Story: Otago places
Page 14 – West Otago and Teviot Valley
Tapuaeuenuku (footprints of the rainbow) was named the Blue Mountains by Walter Mantell in 1851. The mountains are known locally as ‘the Blueys’; the highest peak, Tapanui Hill, is 1,019 metres. In 2008 plantation forests were owned by Ernslaw One, a Malaysian company, which operates the Blue Mountain Lumber plant at Conical Hill. The Blue Mountains forest conservation area lies along the western flank of the range and is used by deer and pig hunters. Black Gully and Whisky Gully have bush walks.
In the early 1980s, Tapanui GP Peter Snow noticed that some of his patients had symptoms that resembled those of farm animals with selenium deficiency. Working with Otago University colleagues, he studied the local outbreak of what came to be known as Tapanui flu, or chronic fatigue syndrome.
Tapanui, which brands itself as ‘the edge of the forest’, had a 2006 population of 744. The principal township of West Otago, it is 71 km north-west of Balclutha, but just 38 km north-east of Gore, in neighbouring Southland, with which it has many links.
A first sawmill started in 1866; Tapanui was laid out in 1868. By the 1920s, forest had largely given way to sheep farms. Nearly all of these have converted to dairying since the early 1990s.
Kelso and Heriot
North-west of Tapanui, Kelso dates from 1865. After floods in 1978 and 1980, when the waters of the Pomahaka River rose 2 and 3 metres respectively, the township was abandoned.
The 1885 Todd cottage at Heriot, west of State Highway 90, was the birthplace of Charles Todd. He founded Todd Motors, which became one of the country’s most successful car companies. The Todd family’s first industrial enterprise was the fellmongery opposite the house, which still stands.
The Milton–Roxburgh railway opened up the section of the Clutha River from Beaumont to the Roxburgh Gorge. The railway closed in 1968.
The 9-km Beaumont Millennium Track runs from Beaumont, where State Highway 8 joins the Clutha River, towards Millers Flat.
Settlement across the Clutha River from State Highway 8, reached via a five-span bridge. 9 km south are the ‘lonely graves’ where are buried both ‘somebody’s darling’ (an unidentified body found during the gold rush years) and William Rigney. Rigney’s headstone describes him as ‘the man who buried somebody’s darling’ – but by his own account he did not bury the body, but simply erected a mānuka fence and wooden headstone on the grave.
40 km south of Alexandra, Roxburgh is at the junction of the Teviot and Clutha rivers, and had a 2006 population of 612. Finds of gold on the Teviot in 1862 by Andrew Young and James Woodhouse gave the township its start.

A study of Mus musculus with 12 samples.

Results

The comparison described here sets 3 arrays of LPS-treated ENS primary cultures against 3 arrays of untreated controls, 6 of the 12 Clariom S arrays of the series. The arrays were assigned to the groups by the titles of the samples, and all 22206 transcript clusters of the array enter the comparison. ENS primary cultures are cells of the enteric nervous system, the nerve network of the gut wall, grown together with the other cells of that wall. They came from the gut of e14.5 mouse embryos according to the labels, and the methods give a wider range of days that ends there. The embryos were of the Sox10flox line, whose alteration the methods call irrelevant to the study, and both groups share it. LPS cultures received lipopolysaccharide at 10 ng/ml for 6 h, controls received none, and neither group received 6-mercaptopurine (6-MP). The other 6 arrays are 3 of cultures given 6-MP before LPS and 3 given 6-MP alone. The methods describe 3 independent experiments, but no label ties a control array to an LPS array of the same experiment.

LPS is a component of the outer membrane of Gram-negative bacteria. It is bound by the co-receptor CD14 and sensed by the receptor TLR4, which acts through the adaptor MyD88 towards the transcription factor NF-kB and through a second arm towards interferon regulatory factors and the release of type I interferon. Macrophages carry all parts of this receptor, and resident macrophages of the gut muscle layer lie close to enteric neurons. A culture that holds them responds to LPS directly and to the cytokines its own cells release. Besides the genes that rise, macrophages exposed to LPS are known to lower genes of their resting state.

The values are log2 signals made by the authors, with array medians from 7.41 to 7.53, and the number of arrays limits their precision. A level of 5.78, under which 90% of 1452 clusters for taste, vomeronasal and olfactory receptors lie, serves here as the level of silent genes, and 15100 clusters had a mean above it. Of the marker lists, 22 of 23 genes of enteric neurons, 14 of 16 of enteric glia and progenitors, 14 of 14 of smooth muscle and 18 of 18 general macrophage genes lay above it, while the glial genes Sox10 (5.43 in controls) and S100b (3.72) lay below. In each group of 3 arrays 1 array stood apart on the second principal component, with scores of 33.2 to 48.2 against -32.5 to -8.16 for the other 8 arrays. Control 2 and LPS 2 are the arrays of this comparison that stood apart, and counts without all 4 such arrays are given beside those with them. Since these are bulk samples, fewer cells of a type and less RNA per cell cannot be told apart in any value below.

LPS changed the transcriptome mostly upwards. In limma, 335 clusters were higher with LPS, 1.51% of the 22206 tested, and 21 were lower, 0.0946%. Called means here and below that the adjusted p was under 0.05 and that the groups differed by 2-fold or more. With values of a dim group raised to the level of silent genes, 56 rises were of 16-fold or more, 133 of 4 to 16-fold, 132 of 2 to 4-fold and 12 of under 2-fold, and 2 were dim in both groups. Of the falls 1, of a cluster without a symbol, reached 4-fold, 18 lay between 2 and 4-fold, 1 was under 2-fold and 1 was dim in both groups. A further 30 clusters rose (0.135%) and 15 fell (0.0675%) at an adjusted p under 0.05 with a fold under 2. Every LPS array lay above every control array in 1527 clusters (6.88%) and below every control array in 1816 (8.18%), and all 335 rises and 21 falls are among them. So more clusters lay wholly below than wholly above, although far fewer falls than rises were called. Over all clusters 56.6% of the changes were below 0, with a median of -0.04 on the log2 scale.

The town takes its name from a Scottish border town, and its streets are also named for border localities. Roxburgh was a major centre of gold dredging at the end of the 19th century. The Ladysmith dredge, named after the South African war siege of the British stronghold of Ladysmith, operated for some years on the east bank of the river. The sluicing channels made by miners were later used for irrigation, allowing orcharding to develop at the start of the 20th century. Some of the apricot yield was canned locally until the early 2000s.
22 km east of Roxburgh, at the head of the Teviot River, Lake Onslow is a product of the 1888 damming of the upper Teviot River by the Roxburgh amalgamated mining company. It is named after Lord Onslow, governor of New Zealand from 1889 to 1892. The dam was progressively raised, then rebuilt; the lake is now 830 hectares and has many brown trout.
The name of Fruitlands, 15 km south of Alexandra, is a reminder of an unsuccessful fruit-tree planting venture in 1915. It was formerly also known as the Halfway. The stone building of Mitchells Cottage was erected between 1880 and 1904 by Andrew Mitchell, a gold miner and stonemason (a skill he had acquired in his Shetland Island homeland). A memorial at Gorge Creek commemorates miners who died in the great snowfall of 1863.
Old Man Range/Kopuwai
In Māori the range is known as Kopuwai after the ‘ogre’ who once lived there. The Obelisk, or Old Man Rock, 25 metres high and 8.5 metres wide at its base, is prominent on the ridge line. The Flat Top Hill conservation area at the foot of the range conserves a dry land ecosystem.